Rate Structure

How Is the Rate Structure Determined?

The Board of Trustees sets the sewer rates. The Board reviews the rates every year as part of the budgeting process. Recommendations are made by staff, based on operation and maintenance costs, capital improvement expense, debt service and administrative costs. The rate structure utilizes a base service fee to cover administration and debt service plus a water usage or volume charge to cover operation and maintenance costs. This two-part rate structure is standard for wastewater utilities and is recommended by the Missouri Department of Natural Resources.

Changes in Water Quality Rules Affect Sewer Rates

Substantial rate increases are needed to fund improvements mandated by federal and state regulations regarding the treatment of wastewater. In April of 2008, the voters granted the District $21 Million in revenue bond authority. The bonds will help the District bring a number of existing District systems into compliance with state and federally mandated regulations that must be met by the year 2013.

The rule change, often referred to as the Whole Body Contact (WBC) Rule, became effective April 2006. It mandates that many more of the state's creeks must be suitable for fishing and swimming. Disinfection is required for treatment facilities within 2 miles of a creek classified for WBC. Deadlines for compliance depend on the operating permit for the particular system. All wastewater treatment facilities must meet these new requirements by December 31, 2013. Twenty District systems are affected with compliance dates from 2010 to 2013. Other rules in the making involve nutrient removal and anti-degradation.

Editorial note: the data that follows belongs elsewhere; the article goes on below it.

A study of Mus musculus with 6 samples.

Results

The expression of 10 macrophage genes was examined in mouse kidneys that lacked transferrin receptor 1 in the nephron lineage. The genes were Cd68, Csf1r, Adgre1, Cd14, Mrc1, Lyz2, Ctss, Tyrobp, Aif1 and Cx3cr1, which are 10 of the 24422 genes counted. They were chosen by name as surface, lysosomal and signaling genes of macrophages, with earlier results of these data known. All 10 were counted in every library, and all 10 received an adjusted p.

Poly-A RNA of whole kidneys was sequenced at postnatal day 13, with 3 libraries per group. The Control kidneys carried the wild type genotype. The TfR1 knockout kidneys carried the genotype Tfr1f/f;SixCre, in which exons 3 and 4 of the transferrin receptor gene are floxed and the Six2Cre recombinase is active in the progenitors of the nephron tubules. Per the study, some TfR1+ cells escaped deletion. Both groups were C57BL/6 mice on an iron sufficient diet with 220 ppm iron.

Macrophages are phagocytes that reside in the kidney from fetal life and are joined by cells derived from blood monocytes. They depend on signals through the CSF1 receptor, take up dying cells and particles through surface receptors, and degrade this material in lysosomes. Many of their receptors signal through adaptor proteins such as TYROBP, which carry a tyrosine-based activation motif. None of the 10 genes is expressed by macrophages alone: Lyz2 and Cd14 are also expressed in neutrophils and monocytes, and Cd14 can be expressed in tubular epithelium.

2015 User Rate Study Update

An update of the user rate study was also completed in 2015 as part of the budget process.

Download the 2015 User Rate Study Update>


Why is my sewer bill higher than my water bill? Why are City sewer rates lower?

There are three main reasons for high sewer bills: high overhead, a mandated capital improvements program and lack of government grant money.

  • The District operates and maintains over 50 facilities spread over many miles. Each facility must be monitored and each incurs material, utility and labor costs. Other sewer utilities, the City of Columbia, for example, benefit from having an integrated collection system that drains into one major treatment plant.
  • The District must complete a $21 Million Capital Improvements Program by 2013 in order to meet stricter water quality standards. The increase in debt is resulting in significant increases in rates.
  • The District was unable to take advantage of federal grants that the water districts and the City of Columbia obtained to help cover the initial costs of constructing the water and sewer systems.